Ed Oliver had massive shoes to fill this season.
The rookie defensive tackle was stepping in for Kyle Williams, one of the most beloved players in Buffalo Bills’ history. After 13 seasons of Bills Mafia watching Williams pour his heart and soul into every snap, expectations were high for Oliver — who many thought was a steal as the ninth overall selection. Oliver, an undersized yet explosive interior penetrator, could not escape comparisons to the likes of Aaron Donald and John Randle.
Oliver became a Day 1 starter for a Bills defense that was among the best in 2018, and he played well early in the 2019 season. But his production was not turning heads as many hoped. Across his first eight games, Oliver racked up a modest 20 tackles and one sack.
Production is a poor way to measure the play of DTs, but the anticipation for Oliver to become an immediate star left room for disappointment. Truth is, rookies at this position do not typically light up the box score in their first eight professional games. Here are some notable NFL star defensive tackles and their production across their first eight games in the league:
- Aaron Donald: 20 tackles, one sack
- Fletcher Cox: 16 tackles, one sack
- Geno Atkins: Five tackles, 1/2 sack
- Gerald McCoy 14 tackles, zero sacks
The NFL is different from the college game, especially for a player like Oliver who is a product of the AAC and not a Power Five Conference. The techniques and what is required for beating blocks against offensive linemen from say Memphis and East Carolina are quite different from the linemen in professional football.
Early this season, Oliver showed the same explosiveness that made him a game-wrecker in college was also effective in the NFL, but his ability to clear contact quick enough to finish was a challenge. He has since improved and is starting to stuff the stat sheet. Over his last three games, Oliver tallied eight tackles, four sacks and a forced fumble. His current three-game sack streak is the first of its kind for a Buffalo rookie since Darryl Talley in 1983.
Oliver’s coming out party came on the biggest of stages against the Dallas Cowboys on Thanksgiving. In the Bills’ 26-15 victory over the Cowboys, Oliver registered his first career multi-sack game and was disruptive against the run. The dynamic force many expected him to be right away was on full display against the No. 1 offense in football.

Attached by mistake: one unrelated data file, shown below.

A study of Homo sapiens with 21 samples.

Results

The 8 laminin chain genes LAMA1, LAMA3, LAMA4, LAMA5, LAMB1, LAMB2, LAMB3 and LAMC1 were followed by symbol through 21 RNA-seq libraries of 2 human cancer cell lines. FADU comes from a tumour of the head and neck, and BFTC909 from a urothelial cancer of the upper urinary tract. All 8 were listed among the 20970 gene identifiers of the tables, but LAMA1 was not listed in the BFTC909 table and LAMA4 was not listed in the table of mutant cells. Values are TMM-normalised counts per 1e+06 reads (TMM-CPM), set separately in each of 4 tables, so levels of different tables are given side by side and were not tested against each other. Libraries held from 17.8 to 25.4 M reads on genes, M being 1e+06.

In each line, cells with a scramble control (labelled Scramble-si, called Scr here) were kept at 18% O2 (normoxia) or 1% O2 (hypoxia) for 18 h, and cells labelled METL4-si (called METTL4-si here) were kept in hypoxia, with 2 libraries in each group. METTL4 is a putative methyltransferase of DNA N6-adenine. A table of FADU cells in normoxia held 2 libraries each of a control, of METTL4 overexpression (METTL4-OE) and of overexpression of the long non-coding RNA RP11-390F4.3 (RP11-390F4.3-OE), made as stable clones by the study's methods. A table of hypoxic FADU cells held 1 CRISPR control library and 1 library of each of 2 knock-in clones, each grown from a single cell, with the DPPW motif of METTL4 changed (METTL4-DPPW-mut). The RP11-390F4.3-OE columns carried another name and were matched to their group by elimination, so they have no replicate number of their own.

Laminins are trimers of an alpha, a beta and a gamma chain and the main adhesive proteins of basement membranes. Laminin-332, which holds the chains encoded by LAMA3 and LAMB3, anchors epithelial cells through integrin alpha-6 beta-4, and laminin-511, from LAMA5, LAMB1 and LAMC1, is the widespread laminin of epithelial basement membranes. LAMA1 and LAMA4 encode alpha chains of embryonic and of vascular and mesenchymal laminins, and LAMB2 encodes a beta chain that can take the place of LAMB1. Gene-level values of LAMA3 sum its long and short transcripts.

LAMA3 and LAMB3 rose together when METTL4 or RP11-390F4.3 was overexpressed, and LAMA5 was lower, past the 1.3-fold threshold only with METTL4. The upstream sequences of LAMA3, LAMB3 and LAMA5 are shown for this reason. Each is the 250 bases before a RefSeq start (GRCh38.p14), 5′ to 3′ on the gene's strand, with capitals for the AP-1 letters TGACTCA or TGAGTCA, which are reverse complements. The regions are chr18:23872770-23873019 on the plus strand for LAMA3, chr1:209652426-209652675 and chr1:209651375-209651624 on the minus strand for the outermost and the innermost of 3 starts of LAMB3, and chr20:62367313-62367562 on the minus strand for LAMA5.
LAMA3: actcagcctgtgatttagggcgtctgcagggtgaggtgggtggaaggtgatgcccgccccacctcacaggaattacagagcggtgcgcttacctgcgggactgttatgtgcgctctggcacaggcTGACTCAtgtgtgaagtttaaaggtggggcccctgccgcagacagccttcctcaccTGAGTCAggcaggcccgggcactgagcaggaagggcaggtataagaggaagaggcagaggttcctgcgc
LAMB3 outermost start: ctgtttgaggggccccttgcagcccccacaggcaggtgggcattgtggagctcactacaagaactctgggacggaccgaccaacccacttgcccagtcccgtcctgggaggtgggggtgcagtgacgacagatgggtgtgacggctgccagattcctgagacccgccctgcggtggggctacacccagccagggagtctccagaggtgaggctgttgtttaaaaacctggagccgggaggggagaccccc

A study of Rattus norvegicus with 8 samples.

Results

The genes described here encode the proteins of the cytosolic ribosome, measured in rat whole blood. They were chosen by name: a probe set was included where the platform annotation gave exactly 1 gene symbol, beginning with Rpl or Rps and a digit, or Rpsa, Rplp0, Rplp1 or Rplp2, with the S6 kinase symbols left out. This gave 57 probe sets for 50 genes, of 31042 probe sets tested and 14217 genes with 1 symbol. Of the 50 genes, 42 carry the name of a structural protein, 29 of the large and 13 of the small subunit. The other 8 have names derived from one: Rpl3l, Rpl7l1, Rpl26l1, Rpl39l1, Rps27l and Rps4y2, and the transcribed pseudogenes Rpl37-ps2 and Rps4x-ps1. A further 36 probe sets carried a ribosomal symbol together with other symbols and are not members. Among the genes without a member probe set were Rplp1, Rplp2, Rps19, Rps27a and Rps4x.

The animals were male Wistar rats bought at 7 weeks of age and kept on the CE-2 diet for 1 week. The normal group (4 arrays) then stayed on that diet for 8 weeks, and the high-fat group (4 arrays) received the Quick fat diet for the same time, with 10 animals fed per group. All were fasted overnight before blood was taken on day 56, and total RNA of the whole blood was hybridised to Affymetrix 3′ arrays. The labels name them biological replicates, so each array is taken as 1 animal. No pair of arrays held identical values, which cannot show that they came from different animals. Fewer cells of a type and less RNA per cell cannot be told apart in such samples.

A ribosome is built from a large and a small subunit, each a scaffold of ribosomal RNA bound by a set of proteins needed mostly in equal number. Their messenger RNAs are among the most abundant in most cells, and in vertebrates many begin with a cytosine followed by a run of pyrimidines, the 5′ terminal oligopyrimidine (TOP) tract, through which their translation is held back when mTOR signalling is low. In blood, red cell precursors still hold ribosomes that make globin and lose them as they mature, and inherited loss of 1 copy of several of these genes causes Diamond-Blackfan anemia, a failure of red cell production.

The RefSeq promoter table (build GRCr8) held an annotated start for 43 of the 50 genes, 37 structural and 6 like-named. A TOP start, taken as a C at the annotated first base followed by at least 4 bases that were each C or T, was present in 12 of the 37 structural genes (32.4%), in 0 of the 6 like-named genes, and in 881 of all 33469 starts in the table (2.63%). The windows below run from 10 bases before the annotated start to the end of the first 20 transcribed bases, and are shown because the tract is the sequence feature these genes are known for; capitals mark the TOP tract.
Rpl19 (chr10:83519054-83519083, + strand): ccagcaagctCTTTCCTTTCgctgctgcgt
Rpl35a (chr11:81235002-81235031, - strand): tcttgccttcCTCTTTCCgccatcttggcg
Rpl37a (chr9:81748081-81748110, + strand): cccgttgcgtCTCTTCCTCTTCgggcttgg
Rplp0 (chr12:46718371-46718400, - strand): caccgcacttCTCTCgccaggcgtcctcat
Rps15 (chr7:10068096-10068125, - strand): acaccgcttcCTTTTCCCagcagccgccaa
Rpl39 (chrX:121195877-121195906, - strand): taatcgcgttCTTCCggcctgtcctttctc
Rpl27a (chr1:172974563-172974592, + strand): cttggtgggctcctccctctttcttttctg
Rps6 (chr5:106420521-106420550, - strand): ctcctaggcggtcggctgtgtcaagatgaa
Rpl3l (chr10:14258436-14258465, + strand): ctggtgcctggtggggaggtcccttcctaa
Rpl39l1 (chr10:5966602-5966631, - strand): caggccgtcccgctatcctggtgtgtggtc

Oliver made his presence known on the first drive of the game, showing off his lateral quickness and range. He was lined up as a 3-technique, the backside DT, and tasked with a reach block attempt by right tackle La’el Collins. Oliver perfectly worked down the line of scrimmage while fending Collins and finished to limit Dallas to a modest two-yard gain. Oliver also did well to not allow Collins to drive him beyond the ball carrier and create a cutback opportunity for the back. Oliver’s awareness, quickness, lateral range, play strength and ability to finish were on full display here.
While Oliver’s ability to work laterally is impressive, that does not mean he can’t hold his own against drive blocks. He was again lined up as a 3-technique over the outside shoulder of All-Pro right guard Zack Martin and faced a combo block from Collins. Oliver, completely unfazed by the double-team attempt, maintained his leverage and reset the line of scrimmage to blow up the first-down run.
Low man wins, a fundamental from Pop Warner football, still applies to the NFL and it enabled Oliver to beat one of the NFL’s elite blockers in Martin. Oliver also did a great job of beating Martin’s punch, working into his frame and controlling the rep.
Oliver’s first sack against Dallas was of the strip-sack variety — not a bad way to start. He fired off the ball with low pads and quickly ate up ground to work to the edge of the left guard. As he collapses the pocket, Oliver executes a rip move while cornering the edge of the block and finishing. His quickness, hand usage, play strength and flexibility will lead to plenty of sacks in the future.
Oliver’s second sack against the Cowboys was an exciting blend of multiple traits that destine him to be a disruptive playmaker for years to come. The Bills’ defense dialed up a zone blitz, which required Oliver to slant to the opposite A-gap to open up a lane for the linebacker to blitz through.
Give Oliver credit for having a plan. Blitzes are not designed to get free rushers. They are intended to create favorable one-on-one matchups. Too often, the slanting defensive tackle in this situation just goes through the motions but not Oliver. He again played with exceptional leverage and got under the pads of four-time Pro Bowl center Travis Frederick. Oliver showcased his ability to convert speed to power and destroy the depth of the pocket. He drove Frederick into the face of quarterback Dak Prescott, disengages and finishes — Oliver’s usage of a one-arm stab is not to be overlooked on this rep. Oliver lacks length, but he understands that one arm extended is longer than two which kept his pads free of Fredericks punch.
There is no doubt about it, Oliver is heating up as the season hits the quarter pole and he is fulfilling the promise expected of a top-10 defensive tackle. Buffalo currently boasts a top-three defense and Oliver is a big reason why and will continue to be.